China to test unmanned space freighter in April


The spacecraft will rendezvous and dock with the their test space station module, Tiangong-2, where it will then test its ability to refuel the space station.



    As I recall , NASA was never able to pull off a successful fuel x-fer in micro gravity. Apparently , it is far more difficult to pump explosive fuel without gravity. As risk adverse as NASA has become since the shuttle tragedies, such a experiment probably had them lads dropping a brick in their pants. Hell, the one time they tried that tether experiment , it damned near destroyed the shuttle.

  • Orion314: Your memory is incorrect. NASA did tests with the shuttle and was successful with them. They have just never had the facilities in orbit that required this skill. The Russians have been doing it for decades, first on their Salyut stations, then on Mir, and now on ISS.

  • Michael

    I worked payload integration for the two TSS (tethered satellite) fights on the space shuttle. Granted we had problems enough on both flights, I did miss the part about damned near destroying the shuttle

  • David M. Cook

    Seems to me it would be much easier to transfer the fluids in a container, rather than trying to pump them. Exchanging filled tanks would remove many of the safety concerns as well.

  • Orion314

    Using containers seems a lot more practical , as to the refuel , I had thought the goal was to refuel a secondary stage (centaur?) with a payload to a Jupiter type any rate, check the the youtube footage of the shuttle /tether experiment , worth a look…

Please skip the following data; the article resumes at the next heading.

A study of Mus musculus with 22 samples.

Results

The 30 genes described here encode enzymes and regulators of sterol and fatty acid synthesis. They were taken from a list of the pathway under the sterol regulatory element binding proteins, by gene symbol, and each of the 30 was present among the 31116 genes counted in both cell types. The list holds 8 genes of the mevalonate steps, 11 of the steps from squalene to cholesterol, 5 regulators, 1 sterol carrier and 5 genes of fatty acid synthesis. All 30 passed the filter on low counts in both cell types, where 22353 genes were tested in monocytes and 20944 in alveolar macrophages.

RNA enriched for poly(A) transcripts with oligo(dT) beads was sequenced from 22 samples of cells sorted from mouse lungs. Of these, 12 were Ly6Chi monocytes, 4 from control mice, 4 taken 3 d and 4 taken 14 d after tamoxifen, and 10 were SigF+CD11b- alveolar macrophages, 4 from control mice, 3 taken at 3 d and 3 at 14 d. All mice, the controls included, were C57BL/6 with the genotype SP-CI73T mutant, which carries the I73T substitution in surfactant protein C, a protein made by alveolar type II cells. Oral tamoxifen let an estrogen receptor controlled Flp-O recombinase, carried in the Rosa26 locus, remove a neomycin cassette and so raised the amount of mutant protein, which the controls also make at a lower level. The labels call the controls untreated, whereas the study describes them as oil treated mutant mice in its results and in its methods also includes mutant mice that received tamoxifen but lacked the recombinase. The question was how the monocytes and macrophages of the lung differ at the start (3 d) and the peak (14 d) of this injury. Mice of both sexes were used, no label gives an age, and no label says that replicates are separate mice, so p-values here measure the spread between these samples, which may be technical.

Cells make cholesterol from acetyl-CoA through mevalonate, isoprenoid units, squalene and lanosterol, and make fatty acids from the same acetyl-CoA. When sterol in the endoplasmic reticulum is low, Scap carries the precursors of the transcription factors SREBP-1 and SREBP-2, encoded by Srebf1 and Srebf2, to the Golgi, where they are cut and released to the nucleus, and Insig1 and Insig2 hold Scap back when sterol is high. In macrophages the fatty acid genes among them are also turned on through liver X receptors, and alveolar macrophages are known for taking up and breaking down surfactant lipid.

• LocalFluff

    @David M. Cook When the engine fires, the fuel has to be pumped from the container to the engine anyway. What would simplify things would be to have a space tug with its own fuel AND engine dock with the target satellite and do the propulsive job. The otherwise unservicable James Webb Space Telescope is built with such a docking option to prolong its life or maybe even rescue it if it doesn’t reach the right orbit. A big bonus with a separate tug is that one wouldn’t need to care about matching with the fuel of the target satellite.

    It is commonly proposed, and I think recently even by a member of the NASA transition team, that fuel produced at the Lunar poles could be used to refuel satellites. But that fails because satellites almost only use hypergolic fuels while the fuel potentially available on the Moon is oxygen and hydrogen. But it could be used to refuel a shuttling space tug. Although xenon for Solar electric propulsion is a strong competitor for station keeping and there’s no xenon on the Moon. And I think that even a specially built space tug needs helium for tank pressurization, and there’s no helium on the Moon.

    Refueling in space has its niche in a future of very big space flight, the ISS being one specific mission big enough to motivate it, but it isn’t generally very helpful concept right now.